Planning any large-scale project, whether it’s an apartment building, factory, or public infrastructure, is complex—and that complexity can make a project difficult to understand. ArcGIS Maps SDK for Unreal Engine aims to solve that problem by pairing the fidelity of Unreal with the accuracy of ArcGIS’s real-time geospatial data.
“Whether it’s a flat map that’s through a browser, or it’s a 3D experience in browser, or it’s a 3D experience on a mobile device, what we’re finding now is that 3D is not enough,” says Rex Hansen, the principal product manager of ArcGIS Maps’ software development kits (SDKs). “It needs to be immersive. It needs to be realistic.”
Construction from the eyes of an avatar
Esri, the company behind ArcGIS, released Maps SDK for Unreal Engine on 20 July 2022. Yet the project’s roots run deeper. The announcement of Microsoft’s HoloLens in October of 2016, along with the success of Niantic Labs’ AR game Pokémon GO, inspired Hansen to pursue SDKs that bring ArcGIS data to modern game engines.
“It really landed when we had our first public beta release in October of 2020,” says Hansen. “When that happened, we saw a lot of customers reach out across multiple industries. There’s a lot of excitement, a lot of ideas.”
That excitement is driven by Unreal Engine’s fidelity. Houseal Lavigne Associates, an urban planning and design firm, used Unreal Engine and ArcGIS Maps SDK to build an immersive, real-time 3D demonstration of proposed construction in Glen Ellyn, Ill. The demo let members of the village’s board of trustees view proposed changes through the eyes of a 3D avatar.
An avatar walks the virtual streets of Glen Ellyn, Illinois. Esri
Esri is not limiting its efforts to Unreal Engine, however. The company also offers ArcGIS Maps SDK for Unity. The Unity version reached full release a month before the SDK for Unreal Engine, becoming available on 8 June 2022.
EIC Activities, an engineering and technical services business operating in Australia, uses ArcGIS Maps SDK for Unity to feed geospatial data into Virtual Builder, the company's “flight simulator for construction.” Engineers can virtualize project planning and look forward in time to gauge how future changes to a site, or its surrounding environment, will affect construction.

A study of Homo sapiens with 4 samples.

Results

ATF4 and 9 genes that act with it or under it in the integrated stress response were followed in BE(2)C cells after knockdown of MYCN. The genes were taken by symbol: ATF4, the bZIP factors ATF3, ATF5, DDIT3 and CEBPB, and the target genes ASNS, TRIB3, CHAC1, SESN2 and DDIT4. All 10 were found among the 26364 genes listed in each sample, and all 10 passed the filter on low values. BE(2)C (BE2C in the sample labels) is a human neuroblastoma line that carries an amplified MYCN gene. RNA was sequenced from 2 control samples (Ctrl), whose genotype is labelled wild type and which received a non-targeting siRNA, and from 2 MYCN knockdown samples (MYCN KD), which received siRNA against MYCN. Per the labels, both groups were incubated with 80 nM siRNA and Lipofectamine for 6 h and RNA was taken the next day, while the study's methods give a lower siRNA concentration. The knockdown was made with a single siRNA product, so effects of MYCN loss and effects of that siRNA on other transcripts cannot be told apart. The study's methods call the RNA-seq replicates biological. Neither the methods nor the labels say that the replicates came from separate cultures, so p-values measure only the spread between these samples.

Hansen says each Maps SDK allows similar access to ArcGIS, but expects they’ll be used differently. Unity, the leading game engine by market share, has a lower barrier to entry and is popular with teams just getting started, while Unreal Engine has a reputation for powering projects that focus on detailed, immersive visuals.
Still, as Virtual Builder shows, Unity is certainly capable of large, immersive projects. The decision between engines may come down to an organization’s talent, as software developers working in architecture, engineering, and instruction are often less familiar with game engines.
Geospatial data is a big problem—and a big solution
The advantage of using a game engine to build an immersive environment is plain to see. But why do game engines need precise, geospatial data?
“The premium rendering experience, and all the other premium features the engine brings…we didn’t want to reinvent that,” says Hansen. “But the one thing game engines didn’t have, was they didn’t have a context or a canvas for displaying real-world data, and they didn’t have ready access to the sources of high-fidelity geospatial data.”
ArcGIS can provide data ranging from aerial photography to subsurface scans of the world’s oceans. There’s a good chance you’ve used a map powered by ArcGIS without knowing it: The platform’s data is used to track COVID-19 trends and wildfire activity, for example.
Houseal Lavigne used Unreal before ArcGIS Maps for Unreal Engine, but any edits to a project had to be made within Unreal Engine itself. Devin Lavigne, principal and cofounder of Houseal Lavigne Associates, says the downtown Glen Ellyn project streams its “entire 3D context” from ArcGIS. This includes contextual buildings and roads.
“If [a client's] city changes, with new buildings or roads, our client can use ArcGIS and publish new 3D layers, and the Unreal application will update,” says Lavigne.
Interest in Esri’s ArcGIS Maps SDK is currently driven by designers and engineers, but there’s a chance the SDK may come full circle to power augmented reality and simulation games that rely on geospatial data.
“There’s this first wave, which is really business-oriented customers,” says Hansen. “And the second wave is, once Esri gets to the point where we can host and deliver data for the higher demand that comes with games for entertainment, we’ll begin to see more interest in that space.”
The needs of game developers are more aggressive than those of business users who, by comparison, can accept higher latency and lower visual fidelity. It’s unclear if ArcGIS is ready to meet these demands—but, if ArcGIS Maps SDK proves successful, it could lead to detailed simulation games that blur the line between fiction and reality.